No. 48 | 21/09/2017 | by Koh

Alexander Radbruch, a radiologist at the German Cancer Research Center (DKFZ) has been recognized by peer professionals to be among the 15 most influential persons worldwide in the category Radiology Research. Radbruch has become known internationally in recent years from his studies showing that gadolinium, a contrast agent used for magnetic resonance imaging, can be retained in the brain.

Alexander Radbruch
© Jutta Jung/DKFZ

Every year, radiologists worldwide eagerly await the results of the campaign that is conducted within the community to recognize the most influential medical imaging professionals of the year. The voting is published at the online forum "Aunt Minnie", an Internet radiology platform and resource that was founded in 1999. This year, Alexander Radbruch from the German Cancer Research Center (Deutsches Krebsforschungszentrum, DKFZ) in Heidelberg was voted among the top 15 candidates in the category Radiology Research.

In recent times, Radbruch and his group, which is affiliated both with the DKFZ and the Neuroradiology Department of Heidelberg University Hospital, have gained recognition in the radiology community for their work on MRI contrast agents. Contrast agents that are based on the chemical element gadolinium are used in magnetic resonance imaging (MRI) to enhance the visualization of organs and tumors. They are considered safe and well-tolerated.

Since free gadolinium is toxic, the metal is bound to an organic molecule called a ligand for use as a contrast agent. There are two distinct categories of gadolinium-based contrast agents: In some products, the gadolinium ions are arranged in a linear structure in the ligand, while in others they are "caged" in a cyclic structure ("macrocyclic" agents).

In 2014, researchers from Japan were the first to report that following multiple agent-enhanced MR imaging examinations, gadolinium may deposit in the brain. Deposition was found primarily in specific brain regions, particularly in the dentate nucleus and globus pallidus.

Shortly afterwards, Radbruch found out than not all gadolinium-based agents are retained at the same levels in the brain. He discovered that the linear contrast agents lead to increases in signal intensities from gadolinium in the brain, while this effect has not been observed for macrocyclic agents.

"To date, there is no concrete evidence for any health problems associated with gadolinium deposition," Radbruch pointed out. "Gadolinium-based contrast agents help make life-saving diagnoses and are an indispensable tool in clinical routine. But it is obvious that if there is any doubt one should rather use substances that are not retained in the brain," said the radiologist.

MRI is an extremely common diagnosis method. Gadolinium-based contrast agents are used in about 40 percent of examinations. Approximately 400 million examinations with contrast agents have been performed worldwide. In Europe, the linear products have continued to be used in about 20 percent of cases until now. Worldwide, the share of this form of administration continues to be much higher.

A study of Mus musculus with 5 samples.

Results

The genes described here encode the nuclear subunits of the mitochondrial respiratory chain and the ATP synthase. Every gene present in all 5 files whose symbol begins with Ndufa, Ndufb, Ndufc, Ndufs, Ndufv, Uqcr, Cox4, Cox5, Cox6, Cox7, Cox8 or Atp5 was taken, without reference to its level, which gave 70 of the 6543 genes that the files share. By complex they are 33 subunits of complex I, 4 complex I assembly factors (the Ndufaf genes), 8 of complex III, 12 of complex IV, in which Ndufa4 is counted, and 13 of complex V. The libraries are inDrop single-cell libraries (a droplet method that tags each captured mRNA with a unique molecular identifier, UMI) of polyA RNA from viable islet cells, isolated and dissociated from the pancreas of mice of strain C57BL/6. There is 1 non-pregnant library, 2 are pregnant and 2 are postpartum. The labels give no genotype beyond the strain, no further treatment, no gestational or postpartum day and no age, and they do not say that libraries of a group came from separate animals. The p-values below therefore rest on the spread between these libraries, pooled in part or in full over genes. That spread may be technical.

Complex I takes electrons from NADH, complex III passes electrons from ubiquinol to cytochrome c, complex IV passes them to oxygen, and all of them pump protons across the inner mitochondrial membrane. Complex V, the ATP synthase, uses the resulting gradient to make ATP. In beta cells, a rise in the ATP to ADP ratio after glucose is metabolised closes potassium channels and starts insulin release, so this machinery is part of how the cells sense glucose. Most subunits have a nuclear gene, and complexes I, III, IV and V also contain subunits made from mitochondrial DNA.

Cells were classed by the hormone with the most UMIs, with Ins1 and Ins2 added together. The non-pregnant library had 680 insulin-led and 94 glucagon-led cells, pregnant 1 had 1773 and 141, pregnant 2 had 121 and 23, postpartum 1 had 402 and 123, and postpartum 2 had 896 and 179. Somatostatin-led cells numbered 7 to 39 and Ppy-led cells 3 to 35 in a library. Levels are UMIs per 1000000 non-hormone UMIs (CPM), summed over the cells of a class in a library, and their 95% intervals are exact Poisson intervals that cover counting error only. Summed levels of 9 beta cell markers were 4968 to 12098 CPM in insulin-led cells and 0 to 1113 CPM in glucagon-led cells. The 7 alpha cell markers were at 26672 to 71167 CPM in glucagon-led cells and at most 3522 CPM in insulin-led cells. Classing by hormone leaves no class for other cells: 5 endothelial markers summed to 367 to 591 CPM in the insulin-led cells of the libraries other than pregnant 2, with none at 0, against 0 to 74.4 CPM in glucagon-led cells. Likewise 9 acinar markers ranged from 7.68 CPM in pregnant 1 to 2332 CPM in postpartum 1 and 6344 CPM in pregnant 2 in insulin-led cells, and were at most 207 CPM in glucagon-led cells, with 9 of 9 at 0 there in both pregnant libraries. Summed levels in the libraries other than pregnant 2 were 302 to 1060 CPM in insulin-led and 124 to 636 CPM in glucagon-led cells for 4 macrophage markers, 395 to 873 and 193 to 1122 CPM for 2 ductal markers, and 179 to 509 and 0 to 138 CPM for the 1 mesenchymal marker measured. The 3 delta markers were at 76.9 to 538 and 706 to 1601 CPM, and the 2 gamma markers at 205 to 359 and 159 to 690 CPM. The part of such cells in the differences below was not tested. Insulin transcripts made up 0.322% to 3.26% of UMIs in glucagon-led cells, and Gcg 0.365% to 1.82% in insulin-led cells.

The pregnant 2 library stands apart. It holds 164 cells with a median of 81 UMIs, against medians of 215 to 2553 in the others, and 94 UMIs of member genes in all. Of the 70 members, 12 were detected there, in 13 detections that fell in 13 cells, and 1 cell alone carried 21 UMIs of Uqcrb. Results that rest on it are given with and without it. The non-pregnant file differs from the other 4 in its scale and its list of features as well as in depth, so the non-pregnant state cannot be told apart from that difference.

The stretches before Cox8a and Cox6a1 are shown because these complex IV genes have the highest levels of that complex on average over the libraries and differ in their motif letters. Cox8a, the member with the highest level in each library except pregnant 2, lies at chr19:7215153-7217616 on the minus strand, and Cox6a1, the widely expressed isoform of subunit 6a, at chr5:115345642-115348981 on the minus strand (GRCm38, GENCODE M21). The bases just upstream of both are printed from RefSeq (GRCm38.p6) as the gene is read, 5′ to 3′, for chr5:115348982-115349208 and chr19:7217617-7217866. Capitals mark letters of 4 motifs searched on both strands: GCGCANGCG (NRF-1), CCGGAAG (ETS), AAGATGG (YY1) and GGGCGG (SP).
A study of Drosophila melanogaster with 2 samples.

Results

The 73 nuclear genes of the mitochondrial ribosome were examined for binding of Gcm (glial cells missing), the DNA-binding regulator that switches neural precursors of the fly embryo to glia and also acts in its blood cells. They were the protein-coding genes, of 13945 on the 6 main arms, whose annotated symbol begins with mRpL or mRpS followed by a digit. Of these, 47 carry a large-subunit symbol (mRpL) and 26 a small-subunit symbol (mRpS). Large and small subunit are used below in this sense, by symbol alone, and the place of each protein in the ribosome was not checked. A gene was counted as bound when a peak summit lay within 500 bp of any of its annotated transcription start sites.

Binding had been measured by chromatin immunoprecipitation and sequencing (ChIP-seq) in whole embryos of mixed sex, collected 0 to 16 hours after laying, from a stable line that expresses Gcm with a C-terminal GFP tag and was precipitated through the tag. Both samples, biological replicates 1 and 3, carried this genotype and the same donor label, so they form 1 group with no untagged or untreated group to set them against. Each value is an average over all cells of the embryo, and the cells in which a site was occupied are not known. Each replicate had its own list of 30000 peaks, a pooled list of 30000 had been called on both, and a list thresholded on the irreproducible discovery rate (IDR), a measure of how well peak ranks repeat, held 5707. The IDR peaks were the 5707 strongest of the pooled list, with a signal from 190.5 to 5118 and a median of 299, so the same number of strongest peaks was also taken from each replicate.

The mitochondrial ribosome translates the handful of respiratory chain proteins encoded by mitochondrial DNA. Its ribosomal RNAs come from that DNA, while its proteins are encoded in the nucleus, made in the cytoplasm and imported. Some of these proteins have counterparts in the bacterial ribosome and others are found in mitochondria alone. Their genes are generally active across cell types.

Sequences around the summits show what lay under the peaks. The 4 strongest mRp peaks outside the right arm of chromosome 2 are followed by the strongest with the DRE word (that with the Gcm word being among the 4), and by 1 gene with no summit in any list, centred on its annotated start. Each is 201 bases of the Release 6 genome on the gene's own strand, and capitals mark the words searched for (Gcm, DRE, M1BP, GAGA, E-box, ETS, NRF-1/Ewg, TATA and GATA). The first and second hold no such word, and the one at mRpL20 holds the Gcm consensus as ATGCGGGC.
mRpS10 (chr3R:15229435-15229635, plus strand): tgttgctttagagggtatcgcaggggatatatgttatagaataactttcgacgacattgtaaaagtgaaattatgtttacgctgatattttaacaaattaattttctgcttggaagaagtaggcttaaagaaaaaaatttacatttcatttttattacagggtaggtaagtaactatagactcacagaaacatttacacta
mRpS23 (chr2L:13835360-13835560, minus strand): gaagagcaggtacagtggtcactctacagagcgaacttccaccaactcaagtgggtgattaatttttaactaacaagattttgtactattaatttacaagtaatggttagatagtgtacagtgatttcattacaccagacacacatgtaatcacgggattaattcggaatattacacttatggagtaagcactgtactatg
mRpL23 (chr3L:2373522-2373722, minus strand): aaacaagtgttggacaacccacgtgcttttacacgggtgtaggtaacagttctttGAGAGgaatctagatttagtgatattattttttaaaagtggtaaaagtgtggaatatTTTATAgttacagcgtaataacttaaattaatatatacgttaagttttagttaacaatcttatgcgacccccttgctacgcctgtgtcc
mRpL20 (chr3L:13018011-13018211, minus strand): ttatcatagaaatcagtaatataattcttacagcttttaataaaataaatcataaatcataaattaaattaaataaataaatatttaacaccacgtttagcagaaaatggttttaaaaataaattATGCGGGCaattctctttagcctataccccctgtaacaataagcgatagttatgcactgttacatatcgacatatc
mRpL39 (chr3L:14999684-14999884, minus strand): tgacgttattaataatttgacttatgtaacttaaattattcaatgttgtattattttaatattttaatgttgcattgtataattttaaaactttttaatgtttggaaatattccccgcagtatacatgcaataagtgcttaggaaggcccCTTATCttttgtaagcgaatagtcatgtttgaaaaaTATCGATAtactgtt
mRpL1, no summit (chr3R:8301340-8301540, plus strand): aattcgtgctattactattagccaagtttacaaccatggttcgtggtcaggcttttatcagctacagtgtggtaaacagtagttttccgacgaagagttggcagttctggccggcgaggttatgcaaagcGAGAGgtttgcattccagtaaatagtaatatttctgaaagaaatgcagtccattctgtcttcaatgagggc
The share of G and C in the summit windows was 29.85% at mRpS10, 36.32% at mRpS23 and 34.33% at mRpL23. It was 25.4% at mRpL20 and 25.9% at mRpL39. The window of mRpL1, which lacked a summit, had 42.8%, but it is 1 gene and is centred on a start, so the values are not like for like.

As a consequence from the debate about gadolinium deposition in the brain, the European Medicines Agency (EMA) decided in July of this year that the risk-benefit ratio for linear gadolinium-based contrast agents can no longer be valued as positive and suspended approval for these agents (with the exception of imaging of the liver and the joints).

Alexander Radbruch studied Law and Medicine at the Universities of Heidelberg, Houston, and Munich. Since 2009, he has been working at Heidelberg University Hospital, Department of Neuroradiology. Since 2012, he has additionally led the Research Group "Neuro-oncologic Imaging" at the DKFZ. In collaboration with physicists at the DKFZ, he is already thinking ahead. The researchers have recently shown, for example, that a simple glucose solution can be used for imaging of tumors. "The future of imaging in oncology is sure to lie in the area of novel methods without contrast agents," Radbruch said. "But this still requires a lot of further research. Presently, it is unthinkable not to use gadolinium in clinical routine."

An image for this press release is available at:


The German Cancer Research Center (Deutsches Krebsforschungszentrum, DKFZ) with its more than 3,000 employees is the largest biomedical research institute in Germany. At DKFZ, more than 1,000 scientists investigate how cancer develops, identify cancer risk factors and endeavor to find new strategies to prevent people from getting cancer. They develop novel approaches to make tumor diagnosis more precise and treatment of cancer patients more successful. The staff of the Cancer Information Service (KID) offers information about the widespread disease of cancer for patients, their families, and the general public. Jointly with Heidelberg University Hospital, DKFZ has established the National Center for Tumor Diseases (NCT) Heidelberg, where promising approaches from cancer research are translated into the clinic. In the German Consortium for Translational Cancer Research (DKTK), one of six German Centers for Health Research, DKFZ maintains translational centers at seven university partnering sites. Combining excellent university hospitals with high-profile research at a Helmholtz Center is an important contribution to improving the chances of cancer patients. DKFZ is a member of the Helmholtz Association of National Research Centers, with ninety percent of its funding coming from the German Federal Ministry of Education and Research and the remaining ten percent from the State of Baden-Württemberg.